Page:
Case Studies

Geographic Information Officer: What it is and Why your State Needs One

A Geographic Information Officer (GIO)–sometimes called a chief information officer or data manager–is responsible for managing geospatial data and related applications, such as GIS. At the state-level, a GIO’s role is essential for effectively coordinating data activities at all levels of government, higher education, and with the private sector.

“Establishing a Geographic Information Office is a critical next step in the evolution of statewide GIS,” says Jim Sparks, Geographic Information Officer for the State of Indiana.

But not every state has a GIO.

The Georgia Technology Authority (GTA) recognized the benefits that a GIO could contribute to the state’s projects and data management, but before it could implement the position, it had to make sure it could sustain it.

To fully understand the business sustainability options to fund a GIO, the GTA worked with the University of Georgia and The Polis Center to develop a comprehensive sustainability study. This university team brought years of experience working with the State of Georgia as well as with other states on the implementation of GIS solutions.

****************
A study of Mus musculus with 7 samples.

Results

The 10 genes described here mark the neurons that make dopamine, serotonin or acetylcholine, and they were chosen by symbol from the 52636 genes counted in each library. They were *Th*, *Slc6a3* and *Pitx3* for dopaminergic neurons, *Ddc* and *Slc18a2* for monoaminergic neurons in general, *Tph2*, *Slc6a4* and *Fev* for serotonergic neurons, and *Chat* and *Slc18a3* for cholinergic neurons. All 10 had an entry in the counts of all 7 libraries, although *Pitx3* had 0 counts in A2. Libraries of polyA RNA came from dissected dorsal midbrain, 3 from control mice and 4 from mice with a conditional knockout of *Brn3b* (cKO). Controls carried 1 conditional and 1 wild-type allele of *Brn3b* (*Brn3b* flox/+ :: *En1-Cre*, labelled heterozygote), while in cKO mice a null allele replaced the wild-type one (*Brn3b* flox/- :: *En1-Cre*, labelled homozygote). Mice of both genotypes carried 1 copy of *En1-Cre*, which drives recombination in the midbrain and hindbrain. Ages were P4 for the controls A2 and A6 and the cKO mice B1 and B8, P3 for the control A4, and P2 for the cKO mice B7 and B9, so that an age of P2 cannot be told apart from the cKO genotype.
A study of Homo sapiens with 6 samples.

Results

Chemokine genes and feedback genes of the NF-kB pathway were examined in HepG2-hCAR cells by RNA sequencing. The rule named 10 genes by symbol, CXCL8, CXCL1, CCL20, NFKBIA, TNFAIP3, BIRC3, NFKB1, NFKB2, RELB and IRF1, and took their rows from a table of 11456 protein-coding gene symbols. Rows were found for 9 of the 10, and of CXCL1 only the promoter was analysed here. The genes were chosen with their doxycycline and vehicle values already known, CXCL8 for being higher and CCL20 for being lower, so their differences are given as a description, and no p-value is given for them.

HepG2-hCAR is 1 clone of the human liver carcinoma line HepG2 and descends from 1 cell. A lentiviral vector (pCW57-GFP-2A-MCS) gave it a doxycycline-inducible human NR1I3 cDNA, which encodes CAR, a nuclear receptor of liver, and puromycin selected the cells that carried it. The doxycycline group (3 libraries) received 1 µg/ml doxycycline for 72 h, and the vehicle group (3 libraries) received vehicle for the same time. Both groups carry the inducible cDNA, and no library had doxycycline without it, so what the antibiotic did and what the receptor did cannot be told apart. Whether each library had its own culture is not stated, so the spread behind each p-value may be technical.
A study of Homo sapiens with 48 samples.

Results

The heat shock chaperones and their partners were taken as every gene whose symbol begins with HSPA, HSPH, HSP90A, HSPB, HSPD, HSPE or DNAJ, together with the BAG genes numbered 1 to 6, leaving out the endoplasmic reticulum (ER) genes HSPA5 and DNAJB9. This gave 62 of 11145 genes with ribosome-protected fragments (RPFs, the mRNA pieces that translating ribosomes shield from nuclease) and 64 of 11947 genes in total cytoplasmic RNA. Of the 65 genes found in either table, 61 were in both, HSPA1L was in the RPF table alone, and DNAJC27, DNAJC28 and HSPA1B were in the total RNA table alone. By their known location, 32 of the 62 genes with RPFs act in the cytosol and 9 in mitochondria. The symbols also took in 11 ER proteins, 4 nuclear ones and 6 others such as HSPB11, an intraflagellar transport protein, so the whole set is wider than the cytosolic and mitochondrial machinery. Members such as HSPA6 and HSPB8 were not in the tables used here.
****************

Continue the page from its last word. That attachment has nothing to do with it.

“Georgia is poised to take advantage of the many years of great work accomplished by the GIS community,” says Sparks, who was also a collaborator on the study. “The missing ingredient is a credible, authoritative voice to coordinate geospatial endeavors; locate, integrate, and distribute geospatial data, and lead statewide GIS efforts.”


Click to access the full report

The study, completed in March 2015, consisted of research as well as interviews with nearly forty critical stakeholders in Georgia.  Additional interviews were also conducted with selected geographic information officers or their equivalents from multiple states that had implemented successful geographic information offices.

In May 2015 the State of Georgia posted a job opening for a Geographic Information Officer who is anticipated to be hired in the summer of 2015.  The Polis Center’s report will serve as a resource to help guide the GIO as it moves the State of Georgia forward along the path to successful geospatial collaboration.